Programmable logic controllers (PLCs) aren’t the first device class that leaps to mind when considering popular attack vectors. According to SecurityWeek, however, two new flaws have been discovered in the popular Siemens S7-1500 CPU line of PLCs — one of which earns a high-severity CVSS v3 risk score of 7.5.
Siemens has already taken steps to remedy the issues, but with the Internet of Things (IoT) quickly becoming a high-value target, it’s worth taking a hard look at these new logical gaps.
As noted by the SecurityWeek piece, French security firms Lexfo and Amossys reported the two Siemens flaws — CVE-2016-2200 and CVE-2016-2201 — to the country’s National Agency for Computer Security (ANSSI). They did so after discovering the issues affected all firmware prior to 1.8.3, which fixes the problems. Both exploits required attackers to gain network access; Siemens itself recommended operating the S7-1500 line on trusted networks in any case.
Of the two, CVE-2016-2201 poses the less serious threat: The flaw makes it possible for attackers to reduce the efficiency of a feature designed to guard against relay attacks. Combined with sophisticated relay attacks, this flaw could be devastating, but it is clearly the exception rather than the rule — good to know but hardly an immediate threat.
CVE-2016-2200, meanwhile, is a different animal. By sending specific data packets to port 102/TCP, it’s possible to cause a full device STOP that can only be corrected with a manual RUN command. The result? Potentially devastating denial of service (DoS).
These aren’t the first security flaws for Siemens devices this year. In January, the company released firmware updates for its line of building automation products to combat a cross-site scripting (XSS) vulnerability.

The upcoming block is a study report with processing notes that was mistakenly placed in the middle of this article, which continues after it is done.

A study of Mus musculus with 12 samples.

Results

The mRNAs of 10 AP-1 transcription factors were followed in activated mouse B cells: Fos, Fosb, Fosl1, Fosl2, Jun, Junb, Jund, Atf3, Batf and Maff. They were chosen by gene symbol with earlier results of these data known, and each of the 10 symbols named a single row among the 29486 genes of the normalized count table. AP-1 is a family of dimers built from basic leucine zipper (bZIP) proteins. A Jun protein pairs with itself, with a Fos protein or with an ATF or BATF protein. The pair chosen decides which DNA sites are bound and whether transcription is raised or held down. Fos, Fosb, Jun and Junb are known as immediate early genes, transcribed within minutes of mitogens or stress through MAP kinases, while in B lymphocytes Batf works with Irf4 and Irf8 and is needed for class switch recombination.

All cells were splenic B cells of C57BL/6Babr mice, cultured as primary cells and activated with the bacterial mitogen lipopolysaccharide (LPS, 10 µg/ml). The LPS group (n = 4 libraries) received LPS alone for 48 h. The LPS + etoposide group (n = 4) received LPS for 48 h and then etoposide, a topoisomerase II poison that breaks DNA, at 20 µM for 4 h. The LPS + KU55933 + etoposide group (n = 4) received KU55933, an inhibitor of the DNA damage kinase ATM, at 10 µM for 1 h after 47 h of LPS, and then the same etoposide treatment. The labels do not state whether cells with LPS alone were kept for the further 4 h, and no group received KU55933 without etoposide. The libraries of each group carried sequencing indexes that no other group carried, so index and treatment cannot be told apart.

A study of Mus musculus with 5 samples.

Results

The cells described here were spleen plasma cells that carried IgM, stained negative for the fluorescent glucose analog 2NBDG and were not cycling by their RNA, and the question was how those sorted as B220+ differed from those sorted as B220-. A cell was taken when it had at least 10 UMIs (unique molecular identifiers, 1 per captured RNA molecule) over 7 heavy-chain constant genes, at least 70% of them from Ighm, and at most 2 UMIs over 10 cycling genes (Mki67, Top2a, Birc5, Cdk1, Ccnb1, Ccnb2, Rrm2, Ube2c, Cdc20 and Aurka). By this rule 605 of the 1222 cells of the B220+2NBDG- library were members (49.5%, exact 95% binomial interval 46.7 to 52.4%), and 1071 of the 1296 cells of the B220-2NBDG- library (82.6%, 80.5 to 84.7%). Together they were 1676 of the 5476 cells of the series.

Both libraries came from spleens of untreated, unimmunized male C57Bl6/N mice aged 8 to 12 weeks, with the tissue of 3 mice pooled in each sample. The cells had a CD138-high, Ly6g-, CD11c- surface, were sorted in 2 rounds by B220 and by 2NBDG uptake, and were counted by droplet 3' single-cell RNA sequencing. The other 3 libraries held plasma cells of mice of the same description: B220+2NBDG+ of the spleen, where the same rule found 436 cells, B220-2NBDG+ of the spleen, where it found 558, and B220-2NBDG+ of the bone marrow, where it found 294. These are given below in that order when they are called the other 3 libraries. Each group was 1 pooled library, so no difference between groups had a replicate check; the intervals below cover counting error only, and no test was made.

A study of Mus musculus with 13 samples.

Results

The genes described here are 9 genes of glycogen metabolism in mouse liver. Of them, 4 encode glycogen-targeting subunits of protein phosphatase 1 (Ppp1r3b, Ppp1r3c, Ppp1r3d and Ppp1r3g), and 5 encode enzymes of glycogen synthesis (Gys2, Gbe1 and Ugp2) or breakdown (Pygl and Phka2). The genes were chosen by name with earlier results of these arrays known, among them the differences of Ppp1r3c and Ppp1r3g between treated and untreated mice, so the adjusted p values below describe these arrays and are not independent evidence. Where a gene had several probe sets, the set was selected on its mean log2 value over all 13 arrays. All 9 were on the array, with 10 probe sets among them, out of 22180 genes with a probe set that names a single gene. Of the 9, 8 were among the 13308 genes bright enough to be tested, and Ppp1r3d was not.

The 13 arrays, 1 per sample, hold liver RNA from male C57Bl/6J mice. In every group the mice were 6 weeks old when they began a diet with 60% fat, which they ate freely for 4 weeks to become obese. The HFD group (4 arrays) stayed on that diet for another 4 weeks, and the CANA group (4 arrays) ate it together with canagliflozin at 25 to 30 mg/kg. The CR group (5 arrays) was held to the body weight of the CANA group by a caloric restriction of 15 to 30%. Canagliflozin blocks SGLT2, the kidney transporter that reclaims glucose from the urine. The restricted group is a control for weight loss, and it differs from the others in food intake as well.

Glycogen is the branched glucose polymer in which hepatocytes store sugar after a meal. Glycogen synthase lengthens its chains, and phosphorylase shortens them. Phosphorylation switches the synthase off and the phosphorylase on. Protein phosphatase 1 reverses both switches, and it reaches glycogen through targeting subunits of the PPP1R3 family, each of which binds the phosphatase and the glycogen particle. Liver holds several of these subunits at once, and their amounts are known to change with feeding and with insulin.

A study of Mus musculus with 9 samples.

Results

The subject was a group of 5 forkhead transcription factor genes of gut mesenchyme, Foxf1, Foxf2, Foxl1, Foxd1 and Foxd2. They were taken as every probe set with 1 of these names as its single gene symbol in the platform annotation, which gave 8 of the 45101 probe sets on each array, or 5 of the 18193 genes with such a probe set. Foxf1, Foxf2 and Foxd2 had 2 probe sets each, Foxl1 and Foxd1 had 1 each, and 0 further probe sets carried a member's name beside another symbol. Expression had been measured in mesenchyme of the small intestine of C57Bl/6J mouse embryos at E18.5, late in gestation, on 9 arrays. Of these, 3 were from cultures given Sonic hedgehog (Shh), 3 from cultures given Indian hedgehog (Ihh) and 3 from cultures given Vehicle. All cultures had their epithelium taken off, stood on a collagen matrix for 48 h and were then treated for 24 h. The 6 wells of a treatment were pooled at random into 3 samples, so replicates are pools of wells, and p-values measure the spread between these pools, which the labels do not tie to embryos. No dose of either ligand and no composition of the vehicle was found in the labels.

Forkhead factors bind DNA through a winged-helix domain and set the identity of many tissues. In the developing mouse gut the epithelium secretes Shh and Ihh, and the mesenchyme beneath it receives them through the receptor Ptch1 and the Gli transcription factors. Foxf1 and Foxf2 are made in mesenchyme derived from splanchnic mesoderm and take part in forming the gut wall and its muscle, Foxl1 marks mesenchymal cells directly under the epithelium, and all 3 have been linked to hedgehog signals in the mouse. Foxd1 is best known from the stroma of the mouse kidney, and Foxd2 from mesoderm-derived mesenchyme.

So what’s the logical conclusion here? Does Siemens simply make a product that can’t hack it in on the industrial IoT market? Hardly. As noted by The Enterprisers Project, the issue is endemic of IoT itself, a fundamental flaw built into the notion of an always-connected network.
Here’s the issue: Many devices now connected to both corporate networks and the Internet at large were never designed to fulfil this function. Instead, they were purpose-built to complete a specific task that didn’t require any type of Internet-facing safeguards.
As a result, industrial control systems (ICS), supervisory control and data acquisition (SCADA) devices and PLCs typically have minimal defences — if any — against determined attackers. That problem is rapidly widening in scope as more Internet-facing devices are deployed and residential users begin adopting similar technology, creating a massive attack surface for cybercriminals.
In fact, residential devices may form the foundation of new attacks on large-scale energy grids. As reported by Wired, a team of researchers discovered it’s possible to hack remote shutoff devices on residential and commercial air conditioners — used to conserve energy during peak periods — and instead turn them on full blast, creating demand that’s impossible for energy producers to meet. That could overload grids and send an entire city into darkness.
Bottom line? There’s a logic to the new attacks on IoT devices: They’re simply not ready to handle advanced threats. Companies like Siemens are doing their best to patch in effective countermeasures after the fact, but changing this paradigm requires more than new firmware. Native IoT security must replace ad hoc defence for companies to completely plug high-severity gaps and bring connected devices up to par with evolving security standards.